Huge blasts resound through Iraqi capital
April 1, 2003
BAGHDAD, Iraq — Six explosions in rapid succession shook central Baghdad late Monday, sending smoke billowing from the Old Palace presidential compound and bathing the sky in a soft orange glow.
Across the Tigris River, on its east bank, another target was hit in the city center less than a mile from the Palestine Hotel. The foundation of the 18-story hotel, where foreign journalists are staying, shook as if it had been struck by a powerful earthquake.
The blasts were some of the strongest since the U.S.-led air war began March 20, and a steady rumbling of explosions continued south of the capital early Tuesday — likely against Republican Guard positions.
Monday night, Saddam Hussein and his sons Odai and Qusai appeared on Iraqi television, with the station showing video footage of a meeting of top military commanders. There was no way of determining when the video was shot.
Saddam decorated commanders and troops of army units in Umm Qasr, the Faw peninsula and Nasiriyah for their “heroic” defense of the areas, state television said.
A communique read on Iraqi Satellite Television said members of the 11th Division, which fought in Nasiriyah, would receive medals and their families would immediately receive 2 million dinars — about $670 at the exchange rate on the eve of the war.
Recommended Stories For You
Saddam was last shown on Iraqi television on Saturday night. Odai had not been seen on Iraqi TV since the war began, according to Al-Arabiya television.
U.S. attempts to silence Iraqi TV and radio through aerial attacks have failed, with Information Minister Mohammed Saeed al-Sahhaf insisting the broadcasts were unaffected.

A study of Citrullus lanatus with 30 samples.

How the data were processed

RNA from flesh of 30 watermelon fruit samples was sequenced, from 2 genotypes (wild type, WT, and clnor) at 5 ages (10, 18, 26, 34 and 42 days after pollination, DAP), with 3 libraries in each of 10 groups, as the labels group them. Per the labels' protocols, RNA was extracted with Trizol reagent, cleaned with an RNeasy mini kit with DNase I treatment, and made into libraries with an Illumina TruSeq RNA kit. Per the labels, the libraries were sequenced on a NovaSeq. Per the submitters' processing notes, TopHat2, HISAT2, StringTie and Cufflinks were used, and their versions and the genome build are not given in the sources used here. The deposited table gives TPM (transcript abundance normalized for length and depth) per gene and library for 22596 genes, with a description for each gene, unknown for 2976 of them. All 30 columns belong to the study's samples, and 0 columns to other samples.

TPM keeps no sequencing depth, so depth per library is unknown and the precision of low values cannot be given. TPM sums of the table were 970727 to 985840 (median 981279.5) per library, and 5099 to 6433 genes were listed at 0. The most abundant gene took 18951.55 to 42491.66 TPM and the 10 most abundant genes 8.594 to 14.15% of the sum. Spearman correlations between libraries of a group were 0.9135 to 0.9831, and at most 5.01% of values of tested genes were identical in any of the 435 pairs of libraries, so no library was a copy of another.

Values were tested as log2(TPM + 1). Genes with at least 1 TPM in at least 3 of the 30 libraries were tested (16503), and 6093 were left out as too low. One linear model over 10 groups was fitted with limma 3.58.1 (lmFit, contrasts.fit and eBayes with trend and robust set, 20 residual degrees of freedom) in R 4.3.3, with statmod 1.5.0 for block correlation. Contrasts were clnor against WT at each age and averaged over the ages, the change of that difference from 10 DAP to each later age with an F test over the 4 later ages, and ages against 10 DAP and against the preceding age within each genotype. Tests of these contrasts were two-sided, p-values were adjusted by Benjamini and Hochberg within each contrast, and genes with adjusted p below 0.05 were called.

Despite repeated bombings of the Iraqi Information Ministry and Iraqi transmitters, the local media operation was “as good as it was before” the attacks, al-Sahhaf said.
He said he and several colleagues helped put out the flames in the ministry, which was struck for the second time in two days, while technicians repaired damaged transmitters. The Americans had hoped to cut off television and radio transmissions to halt Iraqi propaganda.
Iraqi television was off for about three hours Monday morning before broadcasts resumed.
At his Monday briefing in Qatar, Brig. Gen. Vincent Brooks of U.S. Central Command said damage to the transmission facilities meant the civilian population “did not see much of the regime at this time.”
Al-Sahhaf condemned the Americans and the British as “saboteurs of the first rate who deserve nothing less than death.” Al-Sahhaf’s comments echoed those of Foreign Minister Naji Sabri, who warned that only surrender could save coalition troops from a “holocaust.”
Al-Sahhaf also claimed that Iraqi fighters had killed 43 coalition soldiers on Sunday. The official death count released by the United States and Britain was 70 since the war began.
“They deny and spread lies” about their casualties, the minister said. Sabri, meeting with reporters at the Palestine Hotel, echoed al-Sahhaf’s confident tone.
“Every day that passes the United States and Britain are sinking deeper in the mud of defeat,” Sabri said. “Those two states have no choice but to withdraw early and fast, today before tomorrow.”
Nearly all of Baghdad’s telephone lines appeared out in the city of 5 million after at least five telephone exchanges were struck by allied bombings. But the city’s power supply remains intact and street lights came on at night.
Around midafternoon, a low-flying aircraft could be heard over central Baghdad and two explosions followed. The target was a site on the west bank of the Tigris River. A huge cloud of white smoke rose from the area, which houses many government departments, presidential compounds and other sensitive sites.
B-1, B-2 and B-52 bombers struck communication and command centers in Baghdad earlier Monday. The U.S. Central Command said it was the first time in history that long-range B-1s, B-2s and B-52s had carried out simultaneous attacks on the same location.
Coalition bombardments have focused recently on Republican Guard units protecting the approaches to Baghdad, to try to wear down Saddam’s best-trained forces ahead of a U.S.-led ground assault on the capital.